I went to church this morning with Krista Tippett and Father James Martin. It was actually a radio broadcast (On Being), but it was such a time of worship!
Jim Martin graduated from Wharton School of Business and worked in finance at General Electric for six years. One day as he sat on a couch in his apartment eating spaghetti, he watched a PBS documentary on Thomas Merton, and his life was never the same. He became a priest and joined the order of the Jesuits. Among other talents, James Martin is a gifted writer. (Look for a list of his most famous books at the end of this blog.)
Listening to Father Jim talk took me back to the years when I was learning about Ignatian Spirituality. (I think if I had not been female, 60+ years old, and married, I would have joined the Society of Jesuits! Search this blog for the post My Love Affair with the Jesuits, December 2, 2013 for that story. ) As they spoke, I relived the principles of “finding God in all things,” praying by “imagining scripture,” finding freedom from “detachments” that keep you from being open to God, and finding God’s calling for your life by “listening to your desires” that formed the basis of my spiritual journey and opened the door to everything I have learned since then.
However, the point of this “sermon” that moved me the most was about joy and humor in the Christian life. After gently poking fun of “grim Christians” (an oxymoron if I ever heard one) and the “frozen chosen,” Father Martin talked about the obvious joy in the life of Jesus. He said, “I think that joy is different than happiness. Joy is happiness in God. Joy has an object. Joy is about a relationship. Happiness can be very evanescent, can come one day and leave the next. But joy is a lot deeper than that.”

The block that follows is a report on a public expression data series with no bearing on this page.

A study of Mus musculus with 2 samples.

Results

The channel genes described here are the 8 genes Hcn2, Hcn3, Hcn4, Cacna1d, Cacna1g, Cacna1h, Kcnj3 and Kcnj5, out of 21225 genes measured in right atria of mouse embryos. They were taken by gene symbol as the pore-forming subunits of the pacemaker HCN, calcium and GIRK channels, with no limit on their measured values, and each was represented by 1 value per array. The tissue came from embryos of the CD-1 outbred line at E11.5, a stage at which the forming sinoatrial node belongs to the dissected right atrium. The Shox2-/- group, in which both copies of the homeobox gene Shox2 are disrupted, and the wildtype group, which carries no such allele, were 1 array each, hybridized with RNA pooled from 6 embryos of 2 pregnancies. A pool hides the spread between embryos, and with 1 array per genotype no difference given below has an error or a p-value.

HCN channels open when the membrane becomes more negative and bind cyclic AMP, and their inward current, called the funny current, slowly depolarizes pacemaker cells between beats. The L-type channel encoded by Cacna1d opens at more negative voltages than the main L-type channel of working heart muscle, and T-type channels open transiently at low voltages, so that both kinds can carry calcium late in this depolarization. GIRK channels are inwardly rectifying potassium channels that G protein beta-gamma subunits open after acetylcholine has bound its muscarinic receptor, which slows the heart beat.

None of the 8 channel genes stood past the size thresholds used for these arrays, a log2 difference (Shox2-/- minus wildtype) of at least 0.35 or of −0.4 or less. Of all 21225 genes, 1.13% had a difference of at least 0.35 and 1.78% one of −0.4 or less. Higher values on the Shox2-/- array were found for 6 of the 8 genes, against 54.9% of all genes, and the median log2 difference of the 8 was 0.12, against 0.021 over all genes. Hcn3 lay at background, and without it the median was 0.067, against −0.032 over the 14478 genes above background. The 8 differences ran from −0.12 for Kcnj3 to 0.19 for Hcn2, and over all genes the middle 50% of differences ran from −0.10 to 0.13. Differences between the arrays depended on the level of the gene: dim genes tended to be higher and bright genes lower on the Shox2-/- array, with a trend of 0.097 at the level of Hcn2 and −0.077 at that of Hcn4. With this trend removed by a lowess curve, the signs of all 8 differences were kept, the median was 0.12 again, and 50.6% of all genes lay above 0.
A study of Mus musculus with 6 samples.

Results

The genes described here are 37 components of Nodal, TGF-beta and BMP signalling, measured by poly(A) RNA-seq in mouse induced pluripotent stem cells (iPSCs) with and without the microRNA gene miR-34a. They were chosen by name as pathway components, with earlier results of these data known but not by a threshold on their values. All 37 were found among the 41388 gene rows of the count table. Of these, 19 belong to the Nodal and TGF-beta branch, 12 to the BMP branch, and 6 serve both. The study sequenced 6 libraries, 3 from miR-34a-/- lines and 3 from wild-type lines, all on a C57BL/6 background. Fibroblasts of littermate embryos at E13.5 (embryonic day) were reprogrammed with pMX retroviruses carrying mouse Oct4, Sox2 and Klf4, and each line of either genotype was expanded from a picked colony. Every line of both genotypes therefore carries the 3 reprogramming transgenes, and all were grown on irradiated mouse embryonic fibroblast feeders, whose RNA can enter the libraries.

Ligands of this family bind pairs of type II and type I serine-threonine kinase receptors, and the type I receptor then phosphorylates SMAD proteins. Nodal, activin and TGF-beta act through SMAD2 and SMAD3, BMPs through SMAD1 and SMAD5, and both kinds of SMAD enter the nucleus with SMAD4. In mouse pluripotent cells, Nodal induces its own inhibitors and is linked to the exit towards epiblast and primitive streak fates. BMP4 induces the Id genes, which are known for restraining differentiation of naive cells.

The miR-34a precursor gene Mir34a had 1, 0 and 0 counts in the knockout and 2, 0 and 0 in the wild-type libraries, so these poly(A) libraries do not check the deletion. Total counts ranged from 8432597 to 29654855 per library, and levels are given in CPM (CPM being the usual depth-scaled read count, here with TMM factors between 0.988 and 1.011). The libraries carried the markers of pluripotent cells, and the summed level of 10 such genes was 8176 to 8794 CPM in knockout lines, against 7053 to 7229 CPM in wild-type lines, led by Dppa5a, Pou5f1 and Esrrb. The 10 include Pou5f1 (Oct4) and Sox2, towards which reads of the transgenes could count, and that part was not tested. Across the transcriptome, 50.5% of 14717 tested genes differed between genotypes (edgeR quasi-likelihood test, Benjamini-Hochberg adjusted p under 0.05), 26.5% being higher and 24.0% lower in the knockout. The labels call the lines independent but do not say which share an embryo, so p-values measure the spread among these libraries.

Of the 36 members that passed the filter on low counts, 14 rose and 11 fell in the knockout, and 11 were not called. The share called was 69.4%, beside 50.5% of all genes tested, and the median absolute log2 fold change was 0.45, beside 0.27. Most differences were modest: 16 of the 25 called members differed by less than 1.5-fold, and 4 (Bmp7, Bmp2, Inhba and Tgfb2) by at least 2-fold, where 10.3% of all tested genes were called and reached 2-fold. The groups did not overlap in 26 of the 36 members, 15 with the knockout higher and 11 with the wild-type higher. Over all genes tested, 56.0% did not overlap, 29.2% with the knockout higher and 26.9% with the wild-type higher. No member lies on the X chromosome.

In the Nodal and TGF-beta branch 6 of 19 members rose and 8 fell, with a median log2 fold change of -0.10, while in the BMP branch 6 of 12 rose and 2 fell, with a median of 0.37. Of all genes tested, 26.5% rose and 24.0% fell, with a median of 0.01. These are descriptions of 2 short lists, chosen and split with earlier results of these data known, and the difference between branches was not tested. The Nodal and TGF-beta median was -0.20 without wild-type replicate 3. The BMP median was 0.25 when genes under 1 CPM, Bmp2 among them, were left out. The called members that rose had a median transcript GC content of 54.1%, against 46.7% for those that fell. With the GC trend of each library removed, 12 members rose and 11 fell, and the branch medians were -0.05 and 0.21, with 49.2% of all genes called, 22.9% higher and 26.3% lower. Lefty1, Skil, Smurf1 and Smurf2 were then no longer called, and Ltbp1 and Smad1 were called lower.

As I listened, I flashed back to a class when Richard Foster (a very funny man and a practical jokester) spoke about “Holy Hilarity.” I remembered the hour I spent listening to Foster, Dallas Willard, James Bryan Smith, Chris Webb, and John Ortberg converse together about the spiritual formation journey in terms that had all of them and all of in the audience in side-splitting laughter, with tears rolling down our faces. Then I thought of classes I have taught where gales of laughter accompanied discussing and disagreeing about very serious subjects.
So here’s the application I made to the “sermon” by Father James Martin. Christmas is a season of happiness for many. For Christians it is one more moment in of joy in a lifetime of joy. Christians need laughter and jokes and even some sarcasm now and then to spice up a life of commitment and obedience. We need to stop taking ourselves so seriously. (I remember reading that the giraffe was created to show that God has a sense of humor.) Life on this earth is deadly serious – and sad and depressing and overwhelmingly tragic. But life in the kingdom is a life of joy even as we continually step out to do the one thing we can to do to make a difference.
Best Sellers by Father James Martin: The Jesuit Guide to (Almost) Everything: A Spirituality for Real Life, My Life with the Saints, Between Heaven and Mirth: Why Joy and Laughter are at the Heart of the Spiritual Life. I have read all of these and loved them. His latest book Jesus: A Pilgrimage is on my list!